13th December 2019
Picture the scene… you consider moving house but realise how much Stamp Duty Land Tax you’ll have to pay (eg £2m cost results in SDLT of at least £153,750). You realise that you could refurbish your current house for a similar cost so you get in an interior designer who tells you to move out for a year while they work their magic. Fortunately, you find a suitable house close by so you can be on hand when required.
Prior to April 2015, if you did not formally elect for your original house to continue to be treated as your ‘Main Residence’ for Capital Gains Tax (CGT) purposes for the period during which you lived in the rented accommodation, you would have lost a year’s worth of CGT relief when you finally did come to sell your property. While the extra CGT may not be material in the scheme of things, there would be a very real risk that you would forget the year’s absence by the time you come to sell it (or not realise its relevance) and simply/reasonably expect a CGT free sale, which would result in you completing your Tax Return incorrectly and open you up to all sorts of potential penalties, interest and exposure to HMRC’s darker side.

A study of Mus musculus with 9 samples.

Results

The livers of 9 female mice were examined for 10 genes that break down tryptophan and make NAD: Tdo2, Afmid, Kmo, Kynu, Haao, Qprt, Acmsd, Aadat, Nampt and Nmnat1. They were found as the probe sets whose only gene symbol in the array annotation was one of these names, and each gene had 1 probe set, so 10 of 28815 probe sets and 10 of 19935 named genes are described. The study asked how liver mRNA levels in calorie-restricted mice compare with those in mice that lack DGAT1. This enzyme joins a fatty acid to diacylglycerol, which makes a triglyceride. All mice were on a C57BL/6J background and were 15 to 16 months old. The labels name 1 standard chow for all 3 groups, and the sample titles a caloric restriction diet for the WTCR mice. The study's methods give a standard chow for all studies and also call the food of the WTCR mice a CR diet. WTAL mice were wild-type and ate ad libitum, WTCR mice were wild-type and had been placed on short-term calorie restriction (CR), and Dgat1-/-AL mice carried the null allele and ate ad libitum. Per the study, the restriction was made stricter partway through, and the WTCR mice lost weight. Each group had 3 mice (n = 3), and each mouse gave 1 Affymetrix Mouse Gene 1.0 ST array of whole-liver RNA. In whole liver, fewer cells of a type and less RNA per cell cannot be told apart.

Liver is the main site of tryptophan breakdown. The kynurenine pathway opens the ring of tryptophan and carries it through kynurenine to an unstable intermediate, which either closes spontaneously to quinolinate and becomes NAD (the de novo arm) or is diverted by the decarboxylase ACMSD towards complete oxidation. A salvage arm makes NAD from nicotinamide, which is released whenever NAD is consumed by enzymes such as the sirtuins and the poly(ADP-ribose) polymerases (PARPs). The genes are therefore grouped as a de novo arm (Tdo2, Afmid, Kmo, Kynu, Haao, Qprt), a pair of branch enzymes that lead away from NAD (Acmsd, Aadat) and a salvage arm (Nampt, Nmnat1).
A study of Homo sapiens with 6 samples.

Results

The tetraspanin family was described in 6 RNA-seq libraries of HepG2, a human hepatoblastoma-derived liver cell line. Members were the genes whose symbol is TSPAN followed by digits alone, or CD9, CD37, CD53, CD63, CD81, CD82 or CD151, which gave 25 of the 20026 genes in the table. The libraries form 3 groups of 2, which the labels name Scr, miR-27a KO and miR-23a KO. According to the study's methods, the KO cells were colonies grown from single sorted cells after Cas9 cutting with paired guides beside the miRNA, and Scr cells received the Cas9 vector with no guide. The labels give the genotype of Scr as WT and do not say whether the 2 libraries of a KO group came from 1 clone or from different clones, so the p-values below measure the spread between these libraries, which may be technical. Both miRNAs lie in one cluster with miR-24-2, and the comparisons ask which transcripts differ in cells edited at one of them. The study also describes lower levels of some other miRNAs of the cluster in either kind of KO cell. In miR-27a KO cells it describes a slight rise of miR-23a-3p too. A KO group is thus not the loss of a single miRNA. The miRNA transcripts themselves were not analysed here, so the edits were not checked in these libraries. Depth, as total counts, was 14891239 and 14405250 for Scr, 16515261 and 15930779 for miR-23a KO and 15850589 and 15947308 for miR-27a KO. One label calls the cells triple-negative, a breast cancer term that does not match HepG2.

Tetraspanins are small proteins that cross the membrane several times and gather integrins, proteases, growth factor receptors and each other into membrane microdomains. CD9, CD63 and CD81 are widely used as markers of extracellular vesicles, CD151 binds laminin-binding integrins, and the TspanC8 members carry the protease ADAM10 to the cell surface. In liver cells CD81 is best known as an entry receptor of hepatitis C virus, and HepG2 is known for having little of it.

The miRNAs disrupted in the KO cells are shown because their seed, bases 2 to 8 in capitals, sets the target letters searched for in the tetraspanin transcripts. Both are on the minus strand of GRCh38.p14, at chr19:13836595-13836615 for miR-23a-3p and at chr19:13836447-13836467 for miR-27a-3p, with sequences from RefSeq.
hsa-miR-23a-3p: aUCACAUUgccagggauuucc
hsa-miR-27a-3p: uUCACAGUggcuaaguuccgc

Fortunately, since April 2015, the simple fact of renting a second property while your real house is being refurbished does not cause you to lose the CGT relief automatically so you no longer have to make the election.
The CGT Principal Private Residence relief can be very complex and with new rules from April 2020 requiring property disposals to be reported and the tax paid within 30 days of the sale, this will only become more difficult to get right so it is important to speak to your tax adviser about any change in living patterns or if you consider selling.